Corrections Officer Mocked for Stuttering Keeps Jury Award


By Joanne Deschenaux July 23, 2018

A corrections officer at a state prison who stutters was entitled to a jury award of $500,000 in a disability harassment case, the California Court of Appeal ruled.

Under the California Fair Employment and Housing Act (FEHA), unlawful harassment occurs when the workplace is permeated with discriminatory intimidation, ridicule and insult that is "'sufficiently severe or pervasive to alter the conditions of the victim's employment and create an abusive working environment."

[SHRM members-only Q&A: What is FEHA and what does it cover?]

The evidence introduced at the corrections officer's trial showed that a prison supervisor mocked or mimicked the officer's stutter at least a dozen times over a period of about two years. This was sufficient, the appellate court said, to support the jury's findings that the harassment was both severe and pervasive.

The plaintiff began working as a correctional officer in a California prison in July 1994. Starting in 2006, he began working as a mental health escort officer within the administrative segregation unit of the prison—an area where inmates with disciplinary issues or mental health needs are housed. The plaintiff's primary duties were to transport inmates to and from their mental health appointments.

Between 2006 and 2008, the supervisor and the plaintiff mostly worked in two different sections of the unit. The plaintiff alleged that at some point, the supervisor began mocking or mimicking his stutter when other employees were present. On one occasion, the plaintiff said, the supervisor mimicked his stutter over the prison's radio system. The transmission could be heard by about 50 employees.

The plaintiff sued the California Department of Corrections and Rehabilitation and the supervisor for disability harassment and related claims. The jury found that the plaintiff was subjected to severe and pervasive harassing conduct based on his disability and awarded him $500,000 in damages. The defendants appealed, arguing that because there was insufficient evidence the harassing conduct was either severe or pervasive, the jury verdict could not stand. The appellate court disagreed and upheld the verdict.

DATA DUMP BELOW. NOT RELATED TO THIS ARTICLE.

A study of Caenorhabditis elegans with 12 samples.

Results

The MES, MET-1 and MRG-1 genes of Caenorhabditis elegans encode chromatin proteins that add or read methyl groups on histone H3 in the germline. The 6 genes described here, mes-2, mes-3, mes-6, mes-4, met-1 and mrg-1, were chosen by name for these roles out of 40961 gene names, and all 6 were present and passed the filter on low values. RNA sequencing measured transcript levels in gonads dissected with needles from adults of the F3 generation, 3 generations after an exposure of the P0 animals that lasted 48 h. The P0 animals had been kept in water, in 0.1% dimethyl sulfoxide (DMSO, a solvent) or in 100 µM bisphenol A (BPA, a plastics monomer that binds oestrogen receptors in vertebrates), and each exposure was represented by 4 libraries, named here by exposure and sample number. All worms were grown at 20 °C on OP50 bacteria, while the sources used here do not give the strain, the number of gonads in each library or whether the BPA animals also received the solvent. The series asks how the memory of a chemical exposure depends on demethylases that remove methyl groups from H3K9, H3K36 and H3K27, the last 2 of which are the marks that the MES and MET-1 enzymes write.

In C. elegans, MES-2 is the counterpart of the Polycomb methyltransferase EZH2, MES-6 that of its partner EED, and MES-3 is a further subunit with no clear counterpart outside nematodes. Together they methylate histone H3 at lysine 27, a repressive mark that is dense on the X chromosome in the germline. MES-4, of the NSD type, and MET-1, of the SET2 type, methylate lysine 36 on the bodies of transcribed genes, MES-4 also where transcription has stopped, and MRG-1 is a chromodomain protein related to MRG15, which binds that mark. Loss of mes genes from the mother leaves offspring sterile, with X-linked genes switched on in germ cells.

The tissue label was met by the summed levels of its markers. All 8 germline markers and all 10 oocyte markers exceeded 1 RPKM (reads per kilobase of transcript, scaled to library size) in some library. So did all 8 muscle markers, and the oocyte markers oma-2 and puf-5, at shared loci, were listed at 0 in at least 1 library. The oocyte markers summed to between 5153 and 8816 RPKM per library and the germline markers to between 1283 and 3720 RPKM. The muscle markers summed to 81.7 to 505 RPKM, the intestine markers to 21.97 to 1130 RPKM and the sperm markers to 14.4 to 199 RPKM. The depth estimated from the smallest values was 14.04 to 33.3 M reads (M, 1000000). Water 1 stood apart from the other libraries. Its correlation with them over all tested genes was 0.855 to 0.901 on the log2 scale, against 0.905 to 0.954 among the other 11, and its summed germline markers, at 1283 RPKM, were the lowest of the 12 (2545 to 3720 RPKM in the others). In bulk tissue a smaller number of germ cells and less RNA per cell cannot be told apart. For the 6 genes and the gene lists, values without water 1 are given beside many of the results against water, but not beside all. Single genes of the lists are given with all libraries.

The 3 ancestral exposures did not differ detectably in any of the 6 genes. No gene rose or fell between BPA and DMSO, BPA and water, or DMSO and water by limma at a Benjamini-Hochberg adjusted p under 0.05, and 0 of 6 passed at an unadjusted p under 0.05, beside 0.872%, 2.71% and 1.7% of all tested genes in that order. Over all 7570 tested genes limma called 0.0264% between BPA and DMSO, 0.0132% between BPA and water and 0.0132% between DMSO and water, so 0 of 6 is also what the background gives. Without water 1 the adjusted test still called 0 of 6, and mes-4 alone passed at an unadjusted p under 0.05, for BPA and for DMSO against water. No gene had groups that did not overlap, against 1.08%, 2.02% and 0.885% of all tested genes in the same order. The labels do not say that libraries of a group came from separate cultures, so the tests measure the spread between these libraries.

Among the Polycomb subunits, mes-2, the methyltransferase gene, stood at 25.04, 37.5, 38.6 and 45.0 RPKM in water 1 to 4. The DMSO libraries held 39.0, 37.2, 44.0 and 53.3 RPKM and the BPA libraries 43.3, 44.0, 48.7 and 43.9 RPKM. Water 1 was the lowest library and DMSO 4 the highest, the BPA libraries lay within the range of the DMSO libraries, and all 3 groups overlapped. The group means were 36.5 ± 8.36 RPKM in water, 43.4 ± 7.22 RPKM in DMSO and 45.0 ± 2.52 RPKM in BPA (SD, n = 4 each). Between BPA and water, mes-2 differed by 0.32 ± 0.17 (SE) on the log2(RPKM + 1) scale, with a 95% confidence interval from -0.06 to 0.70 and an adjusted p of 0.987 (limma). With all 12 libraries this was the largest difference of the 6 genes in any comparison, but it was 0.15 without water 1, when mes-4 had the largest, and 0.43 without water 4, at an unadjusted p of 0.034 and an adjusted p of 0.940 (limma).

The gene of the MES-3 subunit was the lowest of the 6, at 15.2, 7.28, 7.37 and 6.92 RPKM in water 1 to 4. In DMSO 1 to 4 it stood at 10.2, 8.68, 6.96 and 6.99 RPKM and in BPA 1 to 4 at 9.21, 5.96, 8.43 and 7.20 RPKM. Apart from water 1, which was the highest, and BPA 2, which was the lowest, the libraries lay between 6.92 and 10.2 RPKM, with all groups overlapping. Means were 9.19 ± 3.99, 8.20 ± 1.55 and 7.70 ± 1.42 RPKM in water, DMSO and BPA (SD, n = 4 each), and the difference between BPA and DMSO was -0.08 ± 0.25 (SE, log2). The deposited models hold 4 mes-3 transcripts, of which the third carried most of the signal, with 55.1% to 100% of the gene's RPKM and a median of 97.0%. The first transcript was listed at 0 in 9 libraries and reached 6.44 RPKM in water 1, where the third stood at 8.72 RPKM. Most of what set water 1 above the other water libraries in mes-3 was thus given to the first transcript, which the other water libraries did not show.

Severe or Pervasive Harassment

The court first noted that, under FEHA, all harassment claims require severe or pervasive conduct, and, as to whether the alleged conduct is sufficiently severe or pervasive, a jury is to consider the totality of circumstances. Incidents of harassing conduct over a short period of time may constitute severe or pervasive harassment, the court noted.

In this case, the plaintiff described the conduct he was subjected to as demeaning, embarrassing, harmful and hurtful. He testified that every time the defendant mocked or mimicked his stutter, he did so in front of others. A psychologist testified at trial that the harassment caused the plaintiff to experience psychological disorders. Based on the totality of circumstances, a jury could reasonably find that the harassing conduct was severe, the appellate court said.

As far as the harassing conduct being pervasive, a psychologist who worked in the plaintiff's unit testified that he witnessed the harassing conduct on at least 12 occasions. The plaintiff estimated that the defendant had mocked or mimicked his stutter anywhere from five to 15 times and that the harassing conduct took place over a two-year period from 2006 to 2008.

The prison psychologist further testified that the harassing conduct was so pervasive that he regarded it as part of the culture at the prison.

"It appears plain to us," the court said, that "there was sufficient evidence upon which the jury could reasonably determine that the harassing conduct was 'pervasive.' "

Caldera v. Department of Corrections and Rehabilitation, Calif. Ct. App., No. G053168 (July 9, 2018).

Professional Pointer: To prove hostile environment workplace harassment, a plaintiff need show only that the harassing conduct was either severe or pervasive. The plaintiff here showed that the conduct was both.

Joanne Deschenaux, J.D., is a freelance writer in Annapolis, Md.